A while back I was at a bar with a work friend and a long time veteran sales rep. We had stopped by a local watering hole before heading to a Rangers game at Madison Square Garden.  Over a few drinks, our discussion turned to business and specifically how agencies had been aggressively negotiating down rates with publishers. Five percent, ten percent – even twenty percent year over year rate reduction goals – agencies had been forcing publishers to accept less money for their ad space. During our conversation, the sales rep said something that really stuck with me:

"This industry has changed a lot, it used to be a good deal when there was a little something for you (the advertiser) and a little something for us (the publisher), now it’s not a good deal unless you f$&#k us."

In the past few years there has been a lot of shaking up of the publishing community – and advertisers have used this instability to negotiate with publishers for lower and lower rates.

While negotiating cheaper ad space rates provides short term savings for advertisers, forcing publishers to work for less money ultimately deteriorates the quality of their product. In the long term, relentlessly negotiating ad rates actually hurts all parts of the industry: publishers, starved for cash, can no longer produce a quality product and may have to lay off employees (or close); advertisers, having starved the publishers, no longer have quality publications through which to reach their target audiences – and consumers no longer get a quality publications to entertain and inform them.

I’ve made this analogy before, but we can’t forget that the media industry is a Coevolution, just like bees and flowers, advertisers and publishers depend on each other to survive.

If all the bees in the world suddenly stopped pollinating flowers (or demanded 20% more nectar from each flower) then the bees would get more in the short term – but in the long term, all the flowers would die.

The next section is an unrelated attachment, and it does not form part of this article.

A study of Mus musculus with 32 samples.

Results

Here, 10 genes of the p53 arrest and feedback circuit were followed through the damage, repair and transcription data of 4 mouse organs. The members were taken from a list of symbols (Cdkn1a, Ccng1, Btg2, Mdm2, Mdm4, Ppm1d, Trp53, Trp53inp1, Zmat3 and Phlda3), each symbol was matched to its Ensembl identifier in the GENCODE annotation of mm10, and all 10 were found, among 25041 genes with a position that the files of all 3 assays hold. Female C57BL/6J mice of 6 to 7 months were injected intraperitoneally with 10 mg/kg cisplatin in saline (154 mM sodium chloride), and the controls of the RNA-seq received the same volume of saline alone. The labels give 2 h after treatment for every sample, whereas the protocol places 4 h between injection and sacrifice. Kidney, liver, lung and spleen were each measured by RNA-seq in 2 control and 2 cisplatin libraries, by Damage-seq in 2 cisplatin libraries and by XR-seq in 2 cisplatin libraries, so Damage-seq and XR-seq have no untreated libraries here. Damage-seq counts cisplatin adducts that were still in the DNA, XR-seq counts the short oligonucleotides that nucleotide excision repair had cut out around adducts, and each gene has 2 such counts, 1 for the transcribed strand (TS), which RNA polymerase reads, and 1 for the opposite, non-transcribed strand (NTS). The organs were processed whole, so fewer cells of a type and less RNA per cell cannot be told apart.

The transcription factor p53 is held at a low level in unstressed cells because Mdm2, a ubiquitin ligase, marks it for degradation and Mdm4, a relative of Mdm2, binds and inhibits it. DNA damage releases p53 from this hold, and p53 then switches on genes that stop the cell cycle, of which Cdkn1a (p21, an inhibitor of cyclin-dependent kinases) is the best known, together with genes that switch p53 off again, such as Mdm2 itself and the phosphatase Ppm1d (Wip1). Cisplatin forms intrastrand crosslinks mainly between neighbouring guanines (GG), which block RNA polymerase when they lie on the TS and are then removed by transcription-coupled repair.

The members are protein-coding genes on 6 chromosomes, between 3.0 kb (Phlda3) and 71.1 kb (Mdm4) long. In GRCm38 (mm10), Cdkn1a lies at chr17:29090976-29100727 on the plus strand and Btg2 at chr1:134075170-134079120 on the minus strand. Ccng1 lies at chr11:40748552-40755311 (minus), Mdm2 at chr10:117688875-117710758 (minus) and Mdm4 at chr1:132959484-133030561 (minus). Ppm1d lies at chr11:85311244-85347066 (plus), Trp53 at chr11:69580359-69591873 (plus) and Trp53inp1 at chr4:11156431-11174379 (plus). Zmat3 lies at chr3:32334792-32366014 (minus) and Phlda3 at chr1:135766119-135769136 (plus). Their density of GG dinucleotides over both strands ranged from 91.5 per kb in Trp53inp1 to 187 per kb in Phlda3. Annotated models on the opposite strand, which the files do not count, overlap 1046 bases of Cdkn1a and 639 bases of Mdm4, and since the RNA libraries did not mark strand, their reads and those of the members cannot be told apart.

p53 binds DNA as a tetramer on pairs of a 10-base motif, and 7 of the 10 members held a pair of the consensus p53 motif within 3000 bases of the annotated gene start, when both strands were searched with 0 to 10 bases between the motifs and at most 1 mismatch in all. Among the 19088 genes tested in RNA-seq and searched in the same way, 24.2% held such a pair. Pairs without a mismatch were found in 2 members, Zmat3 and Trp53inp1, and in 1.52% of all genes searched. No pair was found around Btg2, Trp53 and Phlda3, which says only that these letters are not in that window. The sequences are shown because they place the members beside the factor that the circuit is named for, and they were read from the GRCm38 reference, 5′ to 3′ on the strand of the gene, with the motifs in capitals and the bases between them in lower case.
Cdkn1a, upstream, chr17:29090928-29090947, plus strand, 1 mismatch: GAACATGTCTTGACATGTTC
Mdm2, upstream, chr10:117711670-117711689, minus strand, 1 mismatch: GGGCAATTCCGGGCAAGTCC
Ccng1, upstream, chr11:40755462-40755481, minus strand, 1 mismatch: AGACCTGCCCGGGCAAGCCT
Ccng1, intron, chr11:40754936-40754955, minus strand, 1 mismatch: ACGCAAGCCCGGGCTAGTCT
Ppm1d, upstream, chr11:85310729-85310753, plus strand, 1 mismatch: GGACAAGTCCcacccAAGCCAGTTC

Short term benefits are hard to pass up (especially in hard times), but it’s important to keep an eye on long term trends. We need to be mindful of this – because I don’t think anyone would want to live in a world without flowers.

Rate Reductions, Coevolution and Flowers

    Well. It *is* a coevolution, but the issue I have is that within a coevolution in that the actions of one party changes the actions of the other party, but there is no moral imperative. So in the bird/flowers thing, you’d just get flowers friendlier to some other pollinating insect (or whom doesn’t rely on insects at all), and over time that new flower would be more successful. And thereby end the dominance of bees over flower pollination. But that isn’t necessarily a bad thing.

    Evolution acts in the *really* long term, and large short-term changes are part of it. No single change is bad unless you’re interested in maintaining the status quo which, well, evolution isn’t (since it’s both mindless and pretty much inevitable).

    But yeah, a parasitic relationship is bad. You’d kill off the publishing industry slowly, ironically making it harder for publishers to compete with new-age alternatives (blogs?) – which in turn means they do worse, and since the new-age media relies less on advertising you might end up killing advertising as well.

    Probably not. But in it’s current form, almost certainly.